Queer Gaze Health

Learning lessons from PrEP will help in so many LGBTQIA+ healthcare battles


I’ve been taking PrEP for almost 7 years now. During that time, I’ve been crazy enthusiastic about making positive changes to reduce health inequalities. But I have seen how queer health has been mishandled time and time again.

PrEP, a drug that can prevent HIV when taken before and after sex, has been routinely available to access for free on the NHS for over four years now. 

In 2022, 86,324 people initiated or continued PrEP usage in England

It’s a game-changing drug, especially for queer communities who’ve lost so much in the HIV/AIDS pandemic. But, sadly, so many people who could benefit from taking it are still not on the drug.

HIV disproportionately impacts gay and bisexual men, Black African communities, trans people, sex workers and migrants. But statistics from the UK Health Security Agency showed that many of these communities don’t feel comfortable accessing the drug - or simply aren’t able to.

Why aren’t we doing everything possible to ensure that the most affected groups know about PrEP?

PrEP has revolutionised how people have sex. It’s been a crucial part of ending HIV and is helping people take control of their health. Knowing just how useful it is and knowing that not enough is done to educate as many people as possible about it enrages me.

I’m not alone in this anger. Many of my colleagues in the HIV and sexual health sector feel the same - I’ve seen many rants about it in meetings. It’s incredible that we can get PrEP in England, but I worry that we haven’t learned from the fights for HIV medication in the ‘90s, or from our victory in securing this provision in the first place.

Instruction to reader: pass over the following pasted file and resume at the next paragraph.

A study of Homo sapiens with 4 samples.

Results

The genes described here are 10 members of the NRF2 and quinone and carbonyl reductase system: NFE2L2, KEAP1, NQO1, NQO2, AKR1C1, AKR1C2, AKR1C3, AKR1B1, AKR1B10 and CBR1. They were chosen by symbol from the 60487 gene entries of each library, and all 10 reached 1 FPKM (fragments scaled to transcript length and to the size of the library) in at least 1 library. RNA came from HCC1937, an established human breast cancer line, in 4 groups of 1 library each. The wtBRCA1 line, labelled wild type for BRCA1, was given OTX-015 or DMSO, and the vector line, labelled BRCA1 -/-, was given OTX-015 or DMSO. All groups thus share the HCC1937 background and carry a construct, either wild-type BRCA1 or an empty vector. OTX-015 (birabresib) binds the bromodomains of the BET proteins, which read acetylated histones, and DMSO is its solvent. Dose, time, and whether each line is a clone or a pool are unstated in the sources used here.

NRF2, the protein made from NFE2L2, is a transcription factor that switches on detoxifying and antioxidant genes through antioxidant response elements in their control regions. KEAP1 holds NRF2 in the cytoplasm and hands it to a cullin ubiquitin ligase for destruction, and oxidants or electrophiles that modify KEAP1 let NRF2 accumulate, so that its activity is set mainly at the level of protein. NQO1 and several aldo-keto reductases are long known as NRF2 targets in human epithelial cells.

We’re seeing the same battles happen again currently with DoxyPEP. This drug to be taken after sex, can prevent bacterial STI infections - but it is not currently prescribed in the UK on the NHS.

But some people already use it, and have done for some time.  

This is exactly how things started with PrEP. Community groups and queer activists worked hard to get it into the hands of those who needed it. Meanwhile, the charity National AIDS Trust had to take the NHS to court - TWICE - before it agreed to prescribe it.

Does this all remind you of anything?

Those court cases took a great toll on those involved, but it’s fair to say that without them, many of us in England would not have access to PrEP on the NHS today. 

More recently, there were echoes of all of this in the mishandling of the MPOX outbreak in the UK. Typically, the virus occurs in Central and West Africa, but a global outbreak began in 2022. Though it can affect anyone, this particular outbreak primarily affected sexually active gay, bisexual, and queer men who have sex with men.

When the outbreak first hit the UK, calls for vaccines were ignored. When the vaccines were finally made available, official bodies did not distribute information about them. Many of the queer men who sought it had to find out about availability through their social and sexual networks - which is absurd. 

This is eerily similar to how so many queer men learned about PrEP all those years ago: through word of mouth. That just shouldn’t be the case anymore.

I find it so upsetting that since the start of this decade, we have had three different health issues affecting queer people that haven’t been taken as seriously as they should have been. 

We’re still making the same mistakes from the past and we’re still not learning from them. History is repeating itself. We have all the tools to better our sexual health and we’re not using them. This can’t keep happening.

The fight to get PrEP is steeped in a rich history of queer activism. To know where we can go in the future we must learn from our past.

You can listen to that history, and the phenomenal story of the battle for access to HIV prevention drugs in the UK, told by the health professionals, activists, and researchers who fought for it now alongside stories from the PrEP generation in The Other Blue Pill, in our new documentary podcast for the Love Tank supported by National Aids Trust.